Why it matters: Since going free-to-play, Bungie has needed a way to monetize Destiny 2 to cover ongoing development costs. Paid loot boxes, aka Bright Engrams, could be purchased in the Eververse store to obtain cosmetic items. However, Bungie is now removing Bright Engrams for players who own the season pass. This consumer-friendly move is another blow in the recent efforts to monetize games that have already been paid for upfront.
Since splitting from Activision, Destiny 2 developer Bungie has since went on to release their latest major expansion, Shadowkeep. While players have been able to purchase in-game loot boxes called "Bright Engrams" for cosmetic items, the company is now removing them going forward.
Game director Luke Smith published a new "Director's Cut" blog post in which he talked about the state of Destiny 2 and upcoming changes to the popular action MMO. Smith outlined some of the lessons learned from Shadowkeep including weapon balancing and ensuring that players who play Destiny 2 intermittently won't get left out in favor of more dedicated players. Included in this update was the announcement that Bright Engrams will removed for players who have purchased the season pass. However, those who are sticking with the free-to-play version of Destiny 2 can still purchase Bright Engrams in the Eververse Store.
Smith emphasized that they "want players to know what something costs before they buy it." This sentiment flies in the face of Activision's former plans for the game as well as large publishers like Ubisoft and Electronic Arts who still use paid loot boxes as an ongoing revenue stream. That said, loot boxes and microtransactions in general have been undergoing serious scrutiny lately.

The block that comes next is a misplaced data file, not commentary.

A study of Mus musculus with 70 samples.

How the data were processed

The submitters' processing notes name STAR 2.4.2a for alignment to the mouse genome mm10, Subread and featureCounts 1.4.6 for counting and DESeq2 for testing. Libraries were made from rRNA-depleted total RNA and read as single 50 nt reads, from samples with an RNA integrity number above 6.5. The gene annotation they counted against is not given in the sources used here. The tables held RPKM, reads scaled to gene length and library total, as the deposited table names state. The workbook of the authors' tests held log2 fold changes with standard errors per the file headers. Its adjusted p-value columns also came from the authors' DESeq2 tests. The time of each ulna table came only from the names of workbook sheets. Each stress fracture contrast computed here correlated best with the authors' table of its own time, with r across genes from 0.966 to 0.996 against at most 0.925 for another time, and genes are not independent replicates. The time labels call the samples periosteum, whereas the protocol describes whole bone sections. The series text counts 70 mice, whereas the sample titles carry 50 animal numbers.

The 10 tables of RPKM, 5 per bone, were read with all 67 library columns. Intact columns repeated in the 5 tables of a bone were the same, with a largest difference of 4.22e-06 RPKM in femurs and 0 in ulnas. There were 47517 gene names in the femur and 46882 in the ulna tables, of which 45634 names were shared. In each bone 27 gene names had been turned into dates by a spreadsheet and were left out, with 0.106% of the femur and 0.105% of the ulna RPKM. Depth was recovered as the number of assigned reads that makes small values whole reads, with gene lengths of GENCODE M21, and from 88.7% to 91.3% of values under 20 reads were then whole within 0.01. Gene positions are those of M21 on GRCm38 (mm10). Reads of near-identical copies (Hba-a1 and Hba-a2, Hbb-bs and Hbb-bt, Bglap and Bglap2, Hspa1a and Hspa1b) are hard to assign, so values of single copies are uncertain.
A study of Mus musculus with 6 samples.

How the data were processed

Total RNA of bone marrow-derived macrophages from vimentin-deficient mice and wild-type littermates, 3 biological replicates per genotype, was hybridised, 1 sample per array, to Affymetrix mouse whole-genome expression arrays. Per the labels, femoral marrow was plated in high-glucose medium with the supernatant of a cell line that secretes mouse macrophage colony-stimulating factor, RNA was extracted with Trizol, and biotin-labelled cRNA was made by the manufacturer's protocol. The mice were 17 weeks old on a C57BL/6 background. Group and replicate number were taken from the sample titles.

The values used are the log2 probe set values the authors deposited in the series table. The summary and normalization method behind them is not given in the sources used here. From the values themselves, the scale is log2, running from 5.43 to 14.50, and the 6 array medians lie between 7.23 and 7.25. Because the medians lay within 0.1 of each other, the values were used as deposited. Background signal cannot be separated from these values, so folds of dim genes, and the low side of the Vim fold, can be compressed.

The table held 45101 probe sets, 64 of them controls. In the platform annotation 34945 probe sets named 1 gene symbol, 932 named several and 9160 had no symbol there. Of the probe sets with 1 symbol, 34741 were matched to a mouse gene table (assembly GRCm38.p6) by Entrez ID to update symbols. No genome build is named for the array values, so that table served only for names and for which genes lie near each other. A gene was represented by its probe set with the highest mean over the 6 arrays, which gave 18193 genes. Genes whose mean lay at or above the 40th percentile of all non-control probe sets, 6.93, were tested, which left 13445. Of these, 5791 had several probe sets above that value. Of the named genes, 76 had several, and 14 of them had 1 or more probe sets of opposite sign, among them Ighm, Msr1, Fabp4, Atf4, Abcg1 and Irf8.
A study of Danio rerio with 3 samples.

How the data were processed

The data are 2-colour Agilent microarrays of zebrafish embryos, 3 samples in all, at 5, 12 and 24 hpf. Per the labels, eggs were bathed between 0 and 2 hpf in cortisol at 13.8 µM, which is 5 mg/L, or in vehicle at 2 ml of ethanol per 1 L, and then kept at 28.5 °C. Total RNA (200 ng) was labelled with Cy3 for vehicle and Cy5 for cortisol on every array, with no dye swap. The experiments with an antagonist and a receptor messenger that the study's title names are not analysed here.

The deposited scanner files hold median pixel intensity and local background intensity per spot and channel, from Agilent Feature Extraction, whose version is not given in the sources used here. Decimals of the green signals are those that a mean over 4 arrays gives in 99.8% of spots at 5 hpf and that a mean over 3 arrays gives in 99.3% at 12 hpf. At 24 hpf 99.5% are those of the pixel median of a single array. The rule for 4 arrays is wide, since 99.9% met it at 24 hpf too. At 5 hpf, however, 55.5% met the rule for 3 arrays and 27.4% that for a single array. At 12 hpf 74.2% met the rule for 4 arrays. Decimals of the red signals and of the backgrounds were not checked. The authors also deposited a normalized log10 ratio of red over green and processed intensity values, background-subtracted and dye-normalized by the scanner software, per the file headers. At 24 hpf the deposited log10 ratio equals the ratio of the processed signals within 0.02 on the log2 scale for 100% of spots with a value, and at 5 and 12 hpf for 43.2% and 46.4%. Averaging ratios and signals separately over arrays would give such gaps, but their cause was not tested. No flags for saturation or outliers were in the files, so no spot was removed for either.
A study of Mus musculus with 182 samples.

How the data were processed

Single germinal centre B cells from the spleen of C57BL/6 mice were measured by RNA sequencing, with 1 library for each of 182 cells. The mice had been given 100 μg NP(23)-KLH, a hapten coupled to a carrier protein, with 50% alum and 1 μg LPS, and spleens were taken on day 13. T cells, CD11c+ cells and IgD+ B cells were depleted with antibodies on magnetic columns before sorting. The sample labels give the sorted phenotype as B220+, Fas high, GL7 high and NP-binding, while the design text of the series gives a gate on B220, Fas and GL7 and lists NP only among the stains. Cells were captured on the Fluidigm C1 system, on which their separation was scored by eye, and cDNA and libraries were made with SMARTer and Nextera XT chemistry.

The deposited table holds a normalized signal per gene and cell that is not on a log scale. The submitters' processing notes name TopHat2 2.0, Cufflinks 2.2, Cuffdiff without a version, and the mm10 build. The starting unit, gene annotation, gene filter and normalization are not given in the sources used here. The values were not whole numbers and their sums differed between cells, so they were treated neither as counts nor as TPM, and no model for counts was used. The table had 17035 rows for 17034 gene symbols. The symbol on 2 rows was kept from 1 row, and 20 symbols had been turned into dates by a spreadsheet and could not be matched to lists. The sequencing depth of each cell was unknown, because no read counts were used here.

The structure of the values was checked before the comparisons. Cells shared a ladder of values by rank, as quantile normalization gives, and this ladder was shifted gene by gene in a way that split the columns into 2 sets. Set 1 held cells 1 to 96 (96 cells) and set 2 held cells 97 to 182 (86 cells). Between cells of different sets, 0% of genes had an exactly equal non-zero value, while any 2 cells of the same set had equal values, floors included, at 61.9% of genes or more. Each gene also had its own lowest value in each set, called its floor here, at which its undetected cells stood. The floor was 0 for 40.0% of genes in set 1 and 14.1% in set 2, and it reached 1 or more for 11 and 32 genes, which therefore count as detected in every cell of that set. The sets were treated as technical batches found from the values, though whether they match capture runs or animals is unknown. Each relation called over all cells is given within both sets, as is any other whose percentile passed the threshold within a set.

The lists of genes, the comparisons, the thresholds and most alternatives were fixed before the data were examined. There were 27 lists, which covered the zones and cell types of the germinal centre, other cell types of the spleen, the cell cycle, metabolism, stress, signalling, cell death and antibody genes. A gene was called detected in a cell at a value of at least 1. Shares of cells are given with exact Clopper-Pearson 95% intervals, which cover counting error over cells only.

"We want players to know what something costs before they buy it"
EA, in particular, has borne the brunt of the backlash against loot boxes. Star Wars: Battlefront 2 was famously ridiculed for including pay-to-win loot boxes at its launch, leading to the most down voted comment in Reddit history. Representatives from the company spoke in front of a UK parliamentary panel where they described loot boxes as "surprise mechanics" that players find "quite ethical and quite fun."
The tide seems to be changing as of late. Fortnite is a free-to-play battle royale shooter that's completely dependent on cosmetic loot boxes and a battle pass. EA subsequently copied that model with Apex Legends. Destiny 2 seems to be emulating that model also on some level. The game shifted to a free-to-play model when Shadowkeep launched and allowed players to purchase seasonal passes if desired. With the removal of loot boxes from paid content, this may lead to other publishers following suit.